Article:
New Zealand’s seafood exports were badly hit by the COVID-19 pandemic earlier this year due to due to the industry’s high dependence on China and Hong Kong, for up to 35% of this trade. Rock lobster saw an 82% drop in exports due to loss of this trade during the peak of the outbreak.
The good news, according to the industry’s representative trade body Seafood New Zealand, is that trade is slowly recovering.
“[New Zealand] seafood, particularly lobster, was hit hard early by the shutting of China’s borders but the trade has rebounded,” said Seafood New Zealand Communications Manager Lesley Hamilton.
“The trade in other shellfish species such as mussels and oysters was also hit [by COVID-19], particularly the live and chilled trade, either due to the various country restrictions put in place, or due to the reduced air freight capacity or increased air freight costs.
“Getting product to market and cleared through the border while it was still alive and in good condition was challenging - This was similar for other fin fish species sold in chilled form.
“[At the moment, while still not yet back to pre-COVID-19 levels, [the export numbers are] looking much more positive.”
According to data from Stats NZ, as of July 29 total New Zealand seafood exports have steadily increased up to NZ$766mn (US$506.7mn), still lower than 2018 (NZ$822mn/US$543.7mn) and 2019 (NZ$973mn/US$643.7mn) values.
Exports to China took NZ$243mn (US$160.7mn) or 31.7% of this value – certainly an improvement from 0% during the peak of the outbreak.
However, a series of toxin and bacterial outbreaks recently surfaced in New Zealand shellfish: Toxin warnings were issued by New Zealand Food Safety for Diarrhetic Shellfish Toxins in the South Island East coast in June, and for Paralytic Shellfish Poisoning (PSP) toxins in the North Island in July, and a vibrio bacteria outbreak also took place in Coromandel.
Both toxins can cause diarrhoea, nausea, vomiting and abdominal cramps, with PSP even able to cause breathing difficulties, paralysis, or death; whereas the vibrio outbreak led to a series of consumer food poisoning incidents.
China has been exceptionally careful with its fresh food imports – especially seafood - ever since discovering traces of the COVID-19-causing coronavirus in imported salmon in June, but Hamilton said that these events were ‘naturally occurring’ and the industry should not worry about exports going back down due to these.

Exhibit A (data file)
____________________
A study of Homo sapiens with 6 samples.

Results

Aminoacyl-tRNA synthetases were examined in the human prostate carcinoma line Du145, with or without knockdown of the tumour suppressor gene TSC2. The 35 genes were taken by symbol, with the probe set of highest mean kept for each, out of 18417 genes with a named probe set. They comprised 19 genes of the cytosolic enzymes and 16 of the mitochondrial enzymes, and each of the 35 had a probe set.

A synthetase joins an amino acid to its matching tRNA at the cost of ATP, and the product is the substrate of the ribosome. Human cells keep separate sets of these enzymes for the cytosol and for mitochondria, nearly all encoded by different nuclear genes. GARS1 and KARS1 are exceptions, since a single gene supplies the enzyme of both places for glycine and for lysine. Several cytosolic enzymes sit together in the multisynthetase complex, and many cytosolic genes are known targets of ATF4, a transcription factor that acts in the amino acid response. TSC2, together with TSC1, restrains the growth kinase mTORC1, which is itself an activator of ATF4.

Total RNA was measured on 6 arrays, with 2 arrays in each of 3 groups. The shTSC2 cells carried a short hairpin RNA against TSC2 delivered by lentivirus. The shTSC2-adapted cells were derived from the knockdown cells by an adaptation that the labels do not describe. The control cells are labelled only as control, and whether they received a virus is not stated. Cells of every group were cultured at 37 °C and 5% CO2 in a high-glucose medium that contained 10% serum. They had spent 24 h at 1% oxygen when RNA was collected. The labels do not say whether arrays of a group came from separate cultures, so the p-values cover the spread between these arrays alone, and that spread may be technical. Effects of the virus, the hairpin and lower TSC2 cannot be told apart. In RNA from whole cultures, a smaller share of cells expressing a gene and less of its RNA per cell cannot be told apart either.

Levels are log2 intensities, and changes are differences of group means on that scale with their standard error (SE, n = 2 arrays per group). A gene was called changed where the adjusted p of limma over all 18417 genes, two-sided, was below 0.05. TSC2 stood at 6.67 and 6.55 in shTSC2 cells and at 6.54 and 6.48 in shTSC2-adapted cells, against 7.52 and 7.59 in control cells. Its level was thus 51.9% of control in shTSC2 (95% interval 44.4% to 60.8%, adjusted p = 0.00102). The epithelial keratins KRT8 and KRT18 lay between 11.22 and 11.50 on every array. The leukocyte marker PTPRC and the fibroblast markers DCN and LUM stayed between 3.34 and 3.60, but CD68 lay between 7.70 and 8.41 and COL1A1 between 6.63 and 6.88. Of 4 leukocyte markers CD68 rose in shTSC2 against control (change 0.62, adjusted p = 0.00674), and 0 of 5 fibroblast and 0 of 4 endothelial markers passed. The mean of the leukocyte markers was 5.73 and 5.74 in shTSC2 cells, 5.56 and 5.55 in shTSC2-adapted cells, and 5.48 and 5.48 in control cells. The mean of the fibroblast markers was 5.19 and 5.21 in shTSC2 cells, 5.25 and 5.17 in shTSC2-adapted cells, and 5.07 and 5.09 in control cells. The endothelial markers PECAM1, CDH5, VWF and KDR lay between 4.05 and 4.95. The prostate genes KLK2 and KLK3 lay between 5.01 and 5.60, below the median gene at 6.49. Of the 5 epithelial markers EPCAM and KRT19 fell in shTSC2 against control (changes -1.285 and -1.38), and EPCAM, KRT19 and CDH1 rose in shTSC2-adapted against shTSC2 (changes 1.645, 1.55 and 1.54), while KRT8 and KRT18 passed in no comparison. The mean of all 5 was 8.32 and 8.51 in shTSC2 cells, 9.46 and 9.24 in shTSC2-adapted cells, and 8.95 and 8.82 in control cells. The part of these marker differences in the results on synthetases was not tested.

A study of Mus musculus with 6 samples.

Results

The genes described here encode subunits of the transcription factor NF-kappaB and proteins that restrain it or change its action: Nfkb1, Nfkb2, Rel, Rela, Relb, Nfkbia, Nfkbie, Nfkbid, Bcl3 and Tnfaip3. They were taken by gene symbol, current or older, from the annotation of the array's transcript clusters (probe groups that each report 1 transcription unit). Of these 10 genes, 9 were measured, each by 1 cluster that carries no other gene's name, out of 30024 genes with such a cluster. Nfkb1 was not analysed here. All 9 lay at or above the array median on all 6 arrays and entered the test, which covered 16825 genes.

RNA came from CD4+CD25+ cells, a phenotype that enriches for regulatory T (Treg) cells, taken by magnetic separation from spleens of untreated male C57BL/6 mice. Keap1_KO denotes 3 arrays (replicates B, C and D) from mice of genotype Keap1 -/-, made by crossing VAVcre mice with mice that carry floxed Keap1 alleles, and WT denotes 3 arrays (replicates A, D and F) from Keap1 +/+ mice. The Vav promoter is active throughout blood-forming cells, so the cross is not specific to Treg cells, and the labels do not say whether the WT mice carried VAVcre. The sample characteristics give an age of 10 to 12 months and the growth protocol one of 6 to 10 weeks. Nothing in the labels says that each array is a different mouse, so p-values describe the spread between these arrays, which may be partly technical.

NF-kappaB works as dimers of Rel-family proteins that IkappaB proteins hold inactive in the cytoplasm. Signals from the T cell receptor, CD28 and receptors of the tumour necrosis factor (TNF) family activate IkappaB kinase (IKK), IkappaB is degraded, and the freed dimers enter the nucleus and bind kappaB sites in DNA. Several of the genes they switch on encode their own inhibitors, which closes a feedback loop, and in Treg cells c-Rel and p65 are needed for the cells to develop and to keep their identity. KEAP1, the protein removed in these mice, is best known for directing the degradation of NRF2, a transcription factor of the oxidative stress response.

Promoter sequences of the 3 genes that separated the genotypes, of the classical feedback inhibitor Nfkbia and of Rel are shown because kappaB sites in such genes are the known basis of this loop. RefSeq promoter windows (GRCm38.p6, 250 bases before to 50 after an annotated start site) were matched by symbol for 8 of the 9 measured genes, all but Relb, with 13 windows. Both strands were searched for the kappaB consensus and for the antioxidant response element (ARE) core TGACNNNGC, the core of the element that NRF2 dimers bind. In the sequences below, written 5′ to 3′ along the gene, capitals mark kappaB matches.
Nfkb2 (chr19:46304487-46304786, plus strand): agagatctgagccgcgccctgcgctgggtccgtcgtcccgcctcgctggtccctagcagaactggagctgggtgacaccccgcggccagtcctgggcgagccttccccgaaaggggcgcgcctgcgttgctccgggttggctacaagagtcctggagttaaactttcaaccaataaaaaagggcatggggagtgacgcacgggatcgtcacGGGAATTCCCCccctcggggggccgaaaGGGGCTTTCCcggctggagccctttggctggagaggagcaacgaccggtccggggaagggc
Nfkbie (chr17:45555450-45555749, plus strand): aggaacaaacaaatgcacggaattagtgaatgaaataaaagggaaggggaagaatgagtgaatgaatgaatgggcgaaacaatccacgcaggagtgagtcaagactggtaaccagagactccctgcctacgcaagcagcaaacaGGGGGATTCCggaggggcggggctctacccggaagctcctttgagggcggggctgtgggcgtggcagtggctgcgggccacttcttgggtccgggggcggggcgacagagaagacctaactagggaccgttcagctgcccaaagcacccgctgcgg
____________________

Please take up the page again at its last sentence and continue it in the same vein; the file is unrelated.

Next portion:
“Marine biotoxin events are naturally occurring, but the commercial shellfish industry operates in accordance with a well-managed regulatory programme,” she said.
“This programme has strict harvesting criteria and controls, along with significant monitoring to prevent the harvesting of shellfish from any commercial area that is affected by an event, thus we can have complete confidence in the shellfish we sell [and so can our importers].”
The vibrio outbreak on the other hand was disturbingly near-identical to a series of food poisonings that took place around the same time last year in terms of timing and location. When queried about whether the New Zealand Seafood Industry would be looking into ways to prevent this from reoccurring, Hamilton said this was a dual responsibility to be shared with the government.
“The responsibility lies with both – the Government is looking to implement management controls and the industry will work with the Government to ensure these are successful,” she said.
Boosting trade moving forward
Toxins and bacterial outbreaks aside, the future of the industry is by no means guaranteed especially with waves of COVID-19 still affecting countries around the world, but Hamilton stressed that the lessons learnt would help them moving forward.
“Further waves of the virus will no doubt have a similar impact on our exports [but] the pandemic has taught all exporters valuable lessons about interruption of supply and, in the process, made us more resilient,” she said.
“New Zealand produces far more food than it can consume domestically, and the world relies on that - particularly countries that do not produce enough of their own food [and our] reputation for safe food grown in a clean environment ensures the product is in demand when markets allow.
“While there will undoubtedly be further ebbs and flows in term of trade as the world manages this pandemic, we are confident that our trade will continue to increase as the market allows.”
She added that Seafood New Zealand is also keeping ‘actively involved’ with the Ministry for Primary Industries, Ministry for Foreign Affairs and Trade and New Zealand Trade and Enterprise to try to boost seafood exports to its current main markets like China, as well as look at other new markets for opportunities.